LIFE OF BRIAN
The Immaculate Edition
Review by Michael Jacobson
Chapman, John Cleese, Terry Gilliam, Eric Idle, Terry Jones, Michael Palin
Director: Terry Jones
Audio: Dolby Digital 5.1
Video: Anamorphic Widescreen 1.85:1
Features: See Review
Length: 93 Minutes
Release Date: January 29, 2008
"All right then...I AM the Messiah!...Now...F**K OFF!!"
shall we f**k off, O Lord?"
There's a charming, memorable tune in Monty Python's Life of Brian called "The Bright Side of Life". It's infectious and unforgettable, and most likely, you won't be forgetting the scene in the movie where they sing it, either.
The bad boys from Britain take on all things sacred here, and the result is arguably their funniest film together. You'll laugh till it hurts, if you're not too offended in the interim. Then again, you may be offended and laugh anyway, then head to straight to confession to ease your conscience.
not directly a spoof on the life of Jesus of Nazareth, mind you. Rather, they
create a fictional character, Brian (Chapman) who happens to be born at the same
time, and seems destined to be looked to as a prophet, even if he has to be
dragged kicking and screaming into it.
Monty Python’s humor has always been an equal mix of the crude and the intelligent. I don’t think they’ve ever considered a joke too crude to use…yet on the other side of the coin, there is a sophistication to their humor that appeals to even the most educated minds. For example, when Brian paints the “Romans Go Home” graffiti in Latin and gets caught by a centurion, who is livid. Brian doesn’t know his Latin very well, it turns out, and the soldier forces him to conjugate his words until he gets it right.
Many other jokes I cannot repeat here...as I said, nothing is off limits for the Python's legendary wit, and usually the more poor in taste, the funnier the results. The arguments over just how bad crucifixion is, for example ("Well, at least you get out in the open air"). Or Pontius Pilate (Palin), who, with a terrible speech impediment, grills centurion after centurion demanding to know what's so funny about the name of his close friend, which is...no, can't go there, either. Sorry.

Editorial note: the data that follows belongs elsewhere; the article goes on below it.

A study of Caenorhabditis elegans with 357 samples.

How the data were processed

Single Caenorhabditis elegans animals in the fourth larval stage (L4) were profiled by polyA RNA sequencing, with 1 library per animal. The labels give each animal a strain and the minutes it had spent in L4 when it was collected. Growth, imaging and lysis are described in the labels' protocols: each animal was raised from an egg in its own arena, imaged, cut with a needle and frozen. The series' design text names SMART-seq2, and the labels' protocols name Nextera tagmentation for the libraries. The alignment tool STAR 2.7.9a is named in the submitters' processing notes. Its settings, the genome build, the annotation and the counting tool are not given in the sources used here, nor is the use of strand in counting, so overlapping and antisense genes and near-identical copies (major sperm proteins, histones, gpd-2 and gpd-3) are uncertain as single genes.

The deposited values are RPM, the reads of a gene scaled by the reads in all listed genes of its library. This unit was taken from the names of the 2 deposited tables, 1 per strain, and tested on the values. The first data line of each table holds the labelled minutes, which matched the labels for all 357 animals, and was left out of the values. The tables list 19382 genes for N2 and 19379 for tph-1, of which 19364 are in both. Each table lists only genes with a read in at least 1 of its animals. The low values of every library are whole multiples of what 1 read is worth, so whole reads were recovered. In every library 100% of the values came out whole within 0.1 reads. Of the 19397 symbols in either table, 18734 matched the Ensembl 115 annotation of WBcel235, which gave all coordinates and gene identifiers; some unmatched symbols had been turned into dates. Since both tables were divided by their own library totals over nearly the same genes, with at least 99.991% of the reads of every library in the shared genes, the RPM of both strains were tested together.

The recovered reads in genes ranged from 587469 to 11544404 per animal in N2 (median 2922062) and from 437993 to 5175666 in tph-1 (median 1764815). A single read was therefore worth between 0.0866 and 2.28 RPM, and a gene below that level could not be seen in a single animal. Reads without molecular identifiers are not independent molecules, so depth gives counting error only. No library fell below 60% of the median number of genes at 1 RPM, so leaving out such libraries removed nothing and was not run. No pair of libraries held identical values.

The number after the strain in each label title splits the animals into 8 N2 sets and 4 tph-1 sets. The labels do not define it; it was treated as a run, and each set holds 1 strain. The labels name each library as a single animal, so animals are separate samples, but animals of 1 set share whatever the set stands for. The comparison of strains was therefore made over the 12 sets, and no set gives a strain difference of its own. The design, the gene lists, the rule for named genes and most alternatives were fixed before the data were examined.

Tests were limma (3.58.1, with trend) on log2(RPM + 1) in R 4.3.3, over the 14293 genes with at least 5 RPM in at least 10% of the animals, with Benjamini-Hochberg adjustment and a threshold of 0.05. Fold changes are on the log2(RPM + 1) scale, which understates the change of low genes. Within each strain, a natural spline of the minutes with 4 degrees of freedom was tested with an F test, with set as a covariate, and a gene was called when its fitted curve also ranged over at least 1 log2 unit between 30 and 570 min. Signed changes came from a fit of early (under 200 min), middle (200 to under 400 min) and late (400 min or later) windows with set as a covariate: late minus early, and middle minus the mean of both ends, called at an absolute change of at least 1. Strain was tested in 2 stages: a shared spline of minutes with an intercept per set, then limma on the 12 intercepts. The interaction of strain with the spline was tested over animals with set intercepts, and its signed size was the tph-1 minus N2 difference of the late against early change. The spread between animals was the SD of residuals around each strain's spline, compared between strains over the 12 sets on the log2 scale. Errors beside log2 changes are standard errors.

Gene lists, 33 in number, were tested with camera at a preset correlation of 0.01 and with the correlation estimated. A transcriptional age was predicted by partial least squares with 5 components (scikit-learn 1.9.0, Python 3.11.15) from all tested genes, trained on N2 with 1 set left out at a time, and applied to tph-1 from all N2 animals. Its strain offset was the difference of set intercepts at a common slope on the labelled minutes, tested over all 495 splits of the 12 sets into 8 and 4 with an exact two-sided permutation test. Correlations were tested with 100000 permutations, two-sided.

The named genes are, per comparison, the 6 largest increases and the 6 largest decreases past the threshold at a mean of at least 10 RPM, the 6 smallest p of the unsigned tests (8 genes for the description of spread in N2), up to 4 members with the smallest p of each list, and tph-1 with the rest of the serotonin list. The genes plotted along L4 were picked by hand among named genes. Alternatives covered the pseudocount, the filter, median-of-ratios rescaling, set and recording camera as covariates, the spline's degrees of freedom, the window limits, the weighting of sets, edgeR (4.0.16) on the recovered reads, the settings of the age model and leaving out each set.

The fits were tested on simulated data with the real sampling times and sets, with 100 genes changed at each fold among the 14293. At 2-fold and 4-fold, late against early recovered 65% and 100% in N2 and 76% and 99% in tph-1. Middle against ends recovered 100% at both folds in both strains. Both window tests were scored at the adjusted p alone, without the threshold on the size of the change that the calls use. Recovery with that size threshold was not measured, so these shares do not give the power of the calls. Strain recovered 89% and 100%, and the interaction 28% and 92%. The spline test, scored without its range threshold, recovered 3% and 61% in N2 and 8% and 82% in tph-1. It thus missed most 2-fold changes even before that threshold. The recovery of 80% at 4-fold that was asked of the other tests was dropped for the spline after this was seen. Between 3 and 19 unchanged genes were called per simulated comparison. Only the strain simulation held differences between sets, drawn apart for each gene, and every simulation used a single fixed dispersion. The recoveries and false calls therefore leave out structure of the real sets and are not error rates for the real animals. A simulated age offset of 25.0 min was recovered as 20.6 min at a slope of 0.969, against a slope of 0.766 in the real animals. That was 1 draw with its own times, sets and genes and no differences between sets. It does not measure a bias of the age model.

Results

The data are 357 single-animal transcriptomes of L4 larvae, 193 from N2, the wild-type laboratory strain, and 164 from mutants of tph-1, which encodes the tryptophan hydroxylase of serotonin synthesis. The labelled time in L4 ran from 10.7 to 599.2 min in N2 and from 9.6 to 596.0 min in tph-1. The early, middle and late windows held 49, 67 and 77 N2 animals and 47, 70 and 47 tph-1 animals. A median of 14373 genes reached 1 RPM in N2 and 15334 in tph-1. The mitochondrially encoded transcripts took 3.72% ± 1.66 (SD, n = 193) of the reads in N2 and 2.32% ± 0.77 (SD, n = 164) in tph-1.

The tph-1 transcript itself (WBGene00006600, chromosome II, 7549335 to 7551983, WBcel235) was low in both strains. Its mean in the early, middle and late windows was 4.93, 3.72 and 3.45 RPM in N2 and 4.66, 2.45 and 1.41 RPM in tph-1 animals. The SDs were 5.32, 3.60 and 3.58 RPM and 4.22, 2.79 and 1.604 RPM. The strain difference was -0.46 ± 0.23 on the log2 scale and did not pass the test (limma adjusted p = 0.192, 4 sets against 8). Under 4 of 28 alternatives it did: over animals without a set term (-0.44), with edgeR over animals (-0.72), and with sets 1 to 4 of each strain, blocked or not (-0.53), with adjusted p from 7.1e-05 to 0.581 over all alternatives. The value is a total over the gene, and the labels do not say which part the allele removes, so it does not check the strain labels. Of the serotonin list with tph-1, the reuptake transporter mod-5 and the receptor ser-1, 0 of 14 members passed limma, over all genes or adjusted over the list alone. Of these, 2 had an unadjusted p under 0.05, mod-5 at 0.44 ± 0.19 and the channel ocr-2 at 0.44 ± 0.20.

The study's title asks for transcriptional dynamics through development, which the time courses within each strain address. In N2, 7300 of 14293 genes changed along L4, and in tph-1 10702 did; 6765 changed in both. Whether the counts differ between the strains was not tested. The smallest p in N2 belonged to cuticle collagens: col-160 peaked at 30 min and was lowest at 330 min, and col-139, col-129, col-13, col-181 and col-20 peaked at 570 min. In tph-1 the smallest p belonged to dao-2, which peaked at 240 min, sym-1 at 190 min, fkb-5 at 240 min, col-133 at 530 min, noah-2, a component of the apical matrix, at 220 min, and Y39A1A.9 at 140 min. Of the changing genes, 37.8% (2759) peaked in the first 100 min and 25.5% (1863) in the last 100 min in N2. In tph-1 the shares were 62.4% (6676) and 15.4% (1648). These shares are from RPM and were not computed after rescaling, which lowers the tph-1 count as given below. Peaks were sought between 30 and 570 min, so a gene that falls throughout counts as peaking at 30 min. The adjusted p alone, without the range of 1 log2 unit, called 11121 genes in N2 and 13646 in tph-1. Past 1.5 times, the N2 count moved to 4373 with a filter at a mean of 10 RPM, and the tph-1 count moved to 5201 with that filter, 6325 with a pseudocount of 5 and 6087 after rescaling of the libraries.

The bottom line is if your constitution is one that offends easily, you'd best stay clear of this film; it wasn't made for you. But if you don't have a problem with a merry, masterful comic troupe that finds humor in everything, even things that normally wouldn't be considered funny by any stretch of the imagination, you're bound to have a great time watching this movie.
This Sony version is a marked improvement over the earlier releases from Anchor Bay and Criterion. Though there are still some limitations as far as visible grain, the images are much clearer and colors are much brighter. I've seen many home video versions of the film over the years, and this is by far the best.
The newly remastered 5.1 soundtrack is a real treat, too...livelier and more dynamic than previous versions, with dialogue clean and clear and the music getting a nice added boost.
The first disc contains two commentaries, one by Terry Jones, Terry Gilliam and Eric Idle, and one by Michael Palin and John Cleese. The second disc boasts 5 deleted scenes with Python commentary, four British radio ads, a new hour-long documentary, plus a 110 recording of the Pythons showing the early screenplay in progress. An Easter egg gives you the DVD credits. The menu screens are animated and nicely done.